Customer ratings are the top metric companies use to track for success or failure in their efforts to improve customer experience, according to Nemertes' 2018-2019 Digital Customer Experience (DCX) research study of nearly 700 global companies.

There is no shortage in the types of customer success ratings companies use. But when we asked study respondents which was their primary metric, Customer Satisfaction (CSAT) scores ranked as No. 1, followed by Customer Effort Score (CES), Net Promoter Score (NPS), and internally developed measurements (see figure below).

Customer Ratings Rise by Nearly 50% Overall

When companies completed any DCX project, their customer ratings increased by 49.7% compared to the rating prior to the initiative. What did they do that had the biggest impact on ratings? Here are the top five projects that positively affected customer ratings:

  1. Add customer-facing digital channels (i.e., video, webchat, SMS/MMS, screen sharing, etc.) -- New digital channels increased customer ratings by 67.5% on average. By adding new ways to communicate, customers get what they want, when and how they want it. It also gives them options. If it's off-hours, and they need an answer, self-service apps can rise to the occasion. If they're multitasking and can't be on a live voice call, a webchat may get them the quick answer they need. If they need instructions -- say, on a problem they're having with installing an appliance -- the agent can start a two-way video and provide verbal and visual advice.
  2. Automate or improve customer-facing workflow -- Workflow automation increases customer ratings by 60.2%. If done right, automation typically gives customers what they need quickly, reducing the time they need to spend getting answers. Automation comes in many forms, though. It may be automation of communications, so when a customer needs to know about an order shipment or medical appointment, they receive an automated reminder over the preferred communications channel. Or it could be forms automation. So when they're applying for a mortgage, the process runs smoothly because each step in the process (along with the communications to go along with it) is automated.
  3. Adopt omnichannel in the contact center -- Addressing a pet peeve among most people, companies increased their ratings by 51.5% by adding omnichannel to the contact center. With omnichannel capabilities, customers' information follows them, for the duration of a single interaction, over time, and across all channels of communications. Ideally, if you're on a call to discuss a warranty issue and need to change from live chat to two different voice agents, and then to a video call, you never have to repeat the same information. Then, if you call back a week later to discuss the same issue, an agent can see all your history. The reduction in aggravation and (hopefully) quicker resolution results in higher customer satisfaction and a greater likelihood a customer will refer the company to friends and associates.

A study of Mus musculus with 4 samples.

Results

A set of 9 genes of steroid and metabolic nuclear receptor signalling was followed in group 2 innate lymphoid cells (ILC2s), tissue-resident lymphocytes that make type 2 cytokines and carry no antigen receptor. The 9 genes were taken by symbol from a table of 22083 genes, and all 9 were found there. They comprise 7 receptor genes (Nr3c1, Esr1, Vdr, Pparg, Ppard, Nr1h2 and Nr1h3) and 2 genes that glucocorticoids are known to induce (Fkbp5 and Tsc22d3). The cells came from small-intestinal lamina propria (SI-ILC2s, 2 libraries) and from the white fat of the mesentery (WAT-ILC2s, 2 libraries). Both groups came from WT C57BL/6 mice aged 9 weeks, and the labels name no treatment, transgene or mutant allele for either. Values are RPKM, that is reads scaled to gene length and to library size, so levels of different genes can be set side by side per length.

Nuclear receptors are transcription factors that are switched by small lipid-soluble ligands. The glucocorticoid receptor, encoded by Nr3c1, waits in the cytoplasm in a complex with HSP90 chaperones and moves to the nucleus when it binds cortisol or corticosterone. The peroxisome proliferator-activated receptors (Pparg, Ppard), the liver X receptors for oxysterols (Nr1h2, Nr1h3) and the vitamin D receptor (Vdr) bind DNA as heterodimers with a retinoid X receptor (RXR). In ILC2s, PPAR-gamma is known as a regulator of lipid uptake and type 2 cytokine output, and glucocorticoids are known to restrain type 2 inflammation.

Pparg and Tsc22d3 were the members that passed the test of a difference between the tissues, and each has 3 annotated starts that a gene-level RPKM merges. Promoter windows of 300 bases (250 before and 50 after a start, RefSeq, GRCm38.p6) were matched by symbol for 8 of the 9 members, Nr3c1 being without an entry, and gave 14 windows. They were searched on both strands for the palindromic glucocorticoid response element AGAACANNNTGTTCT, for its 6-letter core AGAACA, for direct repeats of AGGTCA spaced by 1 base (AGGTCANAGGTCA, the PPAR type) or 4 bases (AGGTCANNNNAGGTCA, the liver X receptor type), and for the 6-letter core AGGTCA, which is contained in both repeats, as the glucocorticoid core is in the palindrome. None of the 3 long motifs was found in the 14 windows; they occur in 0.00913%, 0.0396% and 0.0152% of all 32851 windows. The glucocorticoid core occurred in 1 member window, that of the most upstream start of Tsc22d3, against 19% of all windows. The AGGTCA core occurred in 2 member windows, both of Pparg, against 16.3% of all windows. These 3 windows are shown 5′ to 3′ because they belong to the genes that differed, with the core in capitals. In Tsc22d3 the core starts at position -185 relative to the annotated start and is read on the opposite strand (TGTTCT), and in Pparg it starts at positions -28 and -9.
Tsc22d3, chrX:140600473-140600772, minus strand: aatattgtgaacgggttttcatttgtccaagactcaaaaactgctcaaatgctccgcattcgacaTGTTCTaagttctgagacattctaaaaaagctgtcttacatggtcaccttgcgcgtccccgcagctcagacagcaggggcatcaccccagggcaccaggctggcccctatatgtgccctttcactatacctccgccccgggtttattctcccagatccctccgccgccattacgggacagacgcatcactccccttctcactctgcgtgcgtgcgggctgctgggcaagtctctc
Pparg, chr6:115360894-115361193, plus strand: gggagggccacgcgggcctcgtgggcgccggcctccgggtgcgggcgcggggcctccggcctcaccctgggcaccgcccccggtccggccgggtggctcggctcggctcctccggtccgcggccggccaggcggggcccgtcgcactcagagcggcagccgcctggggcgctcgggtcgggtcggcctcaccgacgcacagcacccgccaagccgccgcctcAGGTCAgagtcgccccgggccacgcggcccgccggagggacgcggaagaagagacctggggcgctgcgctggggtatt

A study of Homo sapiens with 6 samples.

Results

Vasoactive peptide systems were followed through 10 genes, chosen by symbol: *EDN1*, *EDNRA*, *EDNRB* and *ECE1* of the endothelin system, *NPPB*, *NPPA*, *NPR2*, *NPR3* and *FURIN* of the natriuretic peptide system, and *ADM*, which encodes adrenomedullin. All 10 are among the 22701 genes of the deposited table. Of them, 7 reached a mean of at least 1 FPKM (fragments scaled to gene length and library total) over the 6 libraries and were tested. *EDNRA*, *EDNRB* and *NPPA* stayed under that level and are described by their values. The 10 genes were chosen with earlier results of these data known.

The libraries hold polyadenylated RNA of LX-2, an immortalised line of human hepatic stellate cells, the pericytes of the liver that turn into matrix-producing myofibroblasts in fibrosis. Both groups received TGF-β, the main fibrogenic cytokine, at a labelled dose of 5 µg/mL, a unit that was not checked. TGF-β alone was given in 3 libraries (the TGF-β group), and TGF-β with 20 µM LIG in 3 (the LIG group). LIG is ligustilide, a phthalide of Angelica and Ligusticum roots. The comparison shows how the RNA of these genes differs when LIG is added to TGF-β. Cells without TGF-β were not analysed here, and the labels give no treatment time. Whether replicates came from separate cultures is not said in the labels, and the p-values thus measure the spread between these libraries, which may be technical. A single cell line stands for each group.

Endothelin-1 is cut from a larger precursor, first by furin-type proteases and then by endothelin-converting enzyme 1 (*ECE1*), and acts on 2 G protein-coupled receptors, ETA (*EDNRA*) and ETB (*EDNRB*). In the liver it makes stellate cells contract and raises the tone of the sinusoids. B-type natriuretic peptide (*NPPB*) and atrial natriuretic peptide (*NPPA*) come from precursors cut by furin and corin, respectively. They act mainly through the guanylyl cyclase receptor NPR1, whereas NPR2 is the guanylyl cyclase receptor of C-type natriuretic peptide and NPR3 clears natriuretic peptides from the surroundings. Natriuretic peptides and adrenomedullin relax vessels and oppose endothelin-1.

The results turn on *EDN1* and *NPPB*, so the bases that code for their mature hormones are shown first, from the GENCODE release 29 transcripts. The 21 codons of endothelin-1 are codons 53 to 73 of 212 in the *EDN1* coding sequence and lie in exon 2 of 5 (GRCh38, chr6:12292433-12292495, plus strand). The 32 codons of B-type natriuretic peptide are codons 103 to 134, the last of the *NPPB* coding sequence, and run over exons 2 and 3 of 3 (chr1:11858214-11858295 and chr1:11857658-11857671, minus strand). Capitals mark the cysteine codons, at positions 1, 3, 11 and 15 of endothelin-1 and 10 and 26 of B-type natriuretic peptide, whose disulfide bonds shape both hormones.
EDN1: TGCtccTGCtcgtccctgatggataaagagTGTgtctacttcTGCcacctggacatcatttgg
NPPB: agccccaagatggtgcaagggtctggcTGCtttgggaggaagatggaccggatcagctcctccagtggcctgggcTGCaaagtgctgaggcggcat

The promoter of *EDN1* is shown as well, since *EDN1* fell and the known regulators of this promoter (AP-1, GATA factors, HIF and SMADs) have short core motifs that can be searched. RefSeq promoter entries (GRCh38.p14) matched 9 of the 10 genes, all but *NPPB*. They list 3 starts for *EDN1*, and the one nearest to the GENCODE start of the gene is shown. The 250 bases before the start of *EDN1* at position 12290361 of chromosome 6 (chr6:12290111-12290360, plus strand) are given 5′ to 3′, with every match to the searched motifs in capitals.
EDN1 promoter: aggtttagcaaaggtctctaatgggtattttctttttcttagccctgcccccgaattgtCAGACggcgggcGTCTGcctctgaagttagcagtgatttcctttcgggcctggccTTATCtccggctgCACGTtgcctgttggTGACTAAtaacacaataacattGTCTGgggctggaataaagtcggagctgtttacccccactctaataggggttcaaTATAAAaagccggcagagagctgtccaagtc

4. Analyze agent performance -- Contact-center platforms are adding sophisticated agent analytics capabilities, and those who have adopted them found a 44.8% improvement in their customer ratings. The analytics are very helpful in finding deficiencies in specific agents that supervisors can address with coaching, correlating factors (such as region, call handle time, upsell, agent expertise, time of day, etc.) with customer satisfaction, and injecting some competitiveness into the contact center by displaying agents' success scores. More proficient agents make happier customers.
  5. Add or improve customer data analytics -- Information is key to making the best decisions and changes in customer experience initiatives, and analytics provide those key data points. Organizations that added or improved their analytics saw a 42.2% boost in their customer ratings. By knowing what's wrong, companies can address the problems. At the same time, by knowing what's working well, they can enhance that behavior to improve the customer experience.

It's unlikely that an organization would implement all of these programs at once, but each should be part of a broader DCX strategy to improve customer experience. Each of these projects has additional benefits beyond customer ratings. These include any combination of increases in sales, decreases in operational costs, and reduction in agent turnover, among other benefits.